Clouds are affected by aspects of climate change and are a major influencing factor on the pre-vitamin D3 effective solar UV (UVD3) exposures that humans receive. The aim of this research was to investigate the influence of clouds on the short wavelength cut-off of the spectral UVD3 irradiances, on the maximum of the UVD3 spectral irradiances and on the magnitude of the UVD3 irradiances.
The spectral pre-vitamin D3 effective solar UV irradiances on a horizontal plane were calculated by weighting the spectral UV measured every five minutes by a spectroradiometer with the action spectrum for the synthesis of pre-vitamin D3. The short wavelength cut-off was defined as the wavelength at which the UVD3 irradiances were 0.1% of the maximum biologically damaging irradiance for that scan.
Due to the higher relative effectiveness of the action spectrum at the shorter UV wavelengths, any variations will influence the UVD3 exposures and consequently has public health implications. The short wavelength cut-off, the magnitude of the irradiances and the maximum of the UVD3 spectral irradiances were investigated for a range of solar zenith angles for cloud free cases and cloudy cases. The results show that clouds do not influence the short wavelength cut-off or the wavelength at which the maximum spectral UVD3 irradiance occurs.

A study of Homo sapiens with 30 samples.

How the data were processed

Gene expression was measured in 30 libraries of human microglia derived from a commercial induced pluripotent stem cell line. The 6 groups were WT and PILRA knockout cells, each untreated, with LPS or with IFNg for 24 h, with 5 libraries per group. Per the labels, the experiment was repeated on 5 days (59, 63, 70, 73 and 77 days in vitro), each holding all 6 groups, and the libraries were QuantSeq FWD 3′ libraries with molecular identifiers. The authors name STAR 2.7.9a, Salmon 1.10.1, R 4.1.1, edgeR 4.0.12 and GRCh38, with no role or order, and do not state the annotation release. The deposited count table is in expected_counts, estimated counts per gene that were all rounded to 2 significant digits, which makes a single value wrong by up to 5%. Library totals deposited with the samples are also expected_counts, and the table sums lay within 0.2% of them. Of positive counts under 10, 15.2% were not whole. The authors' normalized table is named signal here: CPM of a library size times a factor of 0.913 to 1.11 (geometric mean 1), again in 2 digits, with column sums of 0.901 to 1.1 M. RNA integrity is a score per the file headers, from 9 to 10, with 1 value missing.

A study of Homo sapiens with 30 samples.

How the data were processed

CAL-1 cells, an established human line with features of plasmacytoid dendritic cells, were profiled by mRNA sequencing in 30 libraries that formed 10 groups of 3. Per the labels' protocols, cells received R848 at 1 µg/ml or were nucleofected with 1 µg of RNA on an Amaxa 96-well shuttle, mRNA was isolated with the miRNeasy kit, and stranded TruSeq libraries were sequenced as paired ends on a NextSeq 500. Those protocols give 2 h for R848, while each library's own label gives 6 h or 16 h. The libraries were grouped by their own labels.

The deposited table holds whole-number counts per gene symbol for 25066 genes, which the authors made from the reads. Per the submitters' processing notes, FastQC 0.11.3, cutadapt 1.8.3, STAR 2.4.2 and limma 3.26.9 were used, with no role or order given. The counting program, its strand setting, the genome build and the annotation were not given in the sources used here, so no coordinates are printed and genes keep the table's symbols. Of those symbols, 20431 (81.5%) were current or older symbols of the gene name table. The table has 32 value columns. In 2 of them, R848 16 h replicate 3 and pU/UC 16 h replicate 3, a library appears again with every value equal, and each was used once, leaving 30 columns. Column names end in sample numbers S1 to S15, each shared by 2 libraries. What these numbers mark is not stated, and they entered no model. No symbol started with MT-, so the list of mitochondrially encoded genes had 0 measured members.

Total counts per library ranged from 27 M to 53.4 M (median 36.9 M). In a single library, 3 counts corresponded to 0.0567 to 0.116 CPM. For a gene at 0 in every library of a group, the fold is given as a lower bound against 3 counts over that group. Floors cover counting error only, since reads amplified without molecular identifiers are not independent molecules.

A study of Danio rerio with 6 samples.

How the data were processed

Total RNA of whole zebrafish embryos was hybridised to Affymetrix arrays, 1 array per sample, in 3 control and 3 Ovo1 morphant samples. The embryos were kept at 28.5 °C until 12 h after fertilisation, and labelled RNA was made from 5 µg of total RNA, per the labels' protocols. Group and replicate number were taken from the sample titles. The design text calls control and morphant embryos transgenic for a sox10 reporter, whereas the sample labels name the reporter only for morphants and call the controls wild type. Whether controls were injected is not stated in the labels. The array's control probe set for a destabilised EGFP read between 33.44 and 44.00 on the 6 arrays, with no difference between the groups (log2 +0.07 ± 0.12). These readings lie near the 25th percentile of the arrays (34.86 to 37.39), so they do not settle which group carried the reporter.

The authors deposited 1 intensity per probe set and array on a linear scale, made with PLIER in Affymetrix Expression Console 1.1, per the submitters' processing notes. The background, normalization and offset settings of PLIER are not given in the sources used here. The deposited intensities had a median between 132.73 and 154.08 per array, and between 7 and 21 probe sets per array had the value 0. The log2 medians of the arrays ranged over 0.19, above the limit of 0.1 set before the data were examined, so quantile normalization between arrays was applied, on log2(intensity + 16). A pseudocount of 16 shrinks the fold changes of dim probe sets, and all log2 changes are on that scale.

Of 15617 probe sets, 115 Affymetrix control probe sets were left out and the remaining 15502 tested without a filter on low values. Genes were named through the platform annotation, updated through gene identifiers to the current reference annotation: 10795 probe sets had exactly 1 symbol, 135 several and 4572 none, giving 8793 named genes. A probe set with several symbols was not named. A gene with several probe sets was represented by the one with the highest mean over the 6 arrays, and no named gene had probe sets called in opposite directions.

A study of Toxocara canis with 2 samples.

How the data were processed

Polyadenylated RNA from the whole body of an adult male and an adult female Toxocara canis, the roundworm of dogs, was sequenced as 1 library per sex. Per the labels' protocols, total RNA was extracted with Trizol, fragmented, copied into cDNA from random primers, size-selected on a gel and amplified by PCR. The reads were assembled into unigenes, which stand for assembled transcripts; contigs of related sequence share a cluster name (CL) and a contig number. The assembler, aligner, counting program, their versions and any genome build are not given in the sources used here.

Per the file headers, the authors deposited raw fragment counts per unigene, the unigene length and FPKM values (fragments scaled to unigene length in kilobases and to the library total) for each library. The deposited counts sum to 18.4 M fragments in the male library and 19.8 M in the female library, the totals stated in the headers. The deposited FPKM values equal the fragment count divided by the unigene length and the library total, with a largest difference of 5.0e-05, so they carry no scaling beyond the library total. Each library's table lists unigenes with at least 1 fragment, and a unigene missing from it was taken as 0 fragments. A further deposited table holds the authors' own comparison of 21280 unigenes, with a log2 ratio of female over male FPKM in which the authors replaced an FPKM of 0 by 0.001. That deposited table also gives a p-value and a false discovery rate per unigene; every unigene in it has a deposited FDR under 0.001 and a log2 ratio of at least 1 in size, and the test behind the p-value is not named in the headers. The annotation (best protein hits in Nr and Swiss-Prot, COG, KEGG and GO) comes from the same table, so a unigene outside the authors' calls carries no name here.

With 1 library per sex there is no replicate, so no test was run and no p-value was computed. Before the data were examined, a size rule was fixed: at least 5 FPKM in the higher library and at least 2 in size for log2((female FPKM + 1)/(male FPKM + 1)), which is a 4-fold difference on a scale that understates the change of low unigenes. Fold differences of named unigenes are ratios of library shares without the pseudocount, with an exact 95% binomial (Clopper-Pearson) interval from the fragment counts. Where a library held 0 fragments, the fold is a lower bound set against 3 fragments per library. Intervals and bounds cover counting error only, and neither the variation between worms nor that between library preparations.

However, cloud cover higher than 5.5 octa reduces the amount of biologically effective UV for pre-vitamin D3 production. Any changes in cloud cover will not significantly influence the short wavelength cut-off or the wavelength at which the maximum spectral UVD3 irradiance occurs. However, any changes that cause the amount of cloud cover to vary between 5.5 and 8 octa or cause the cloud cover to increase above or decrease below 5.5 octa will have an effect on the UV for pre-vitamin D3 production.
Parisi, A.V., Turnbull, D.J. and Turner, J., 2007. Influence of clouds on pre-vitamin D3 effective solar UV exposures. Environmental Health, 7(3), p.75.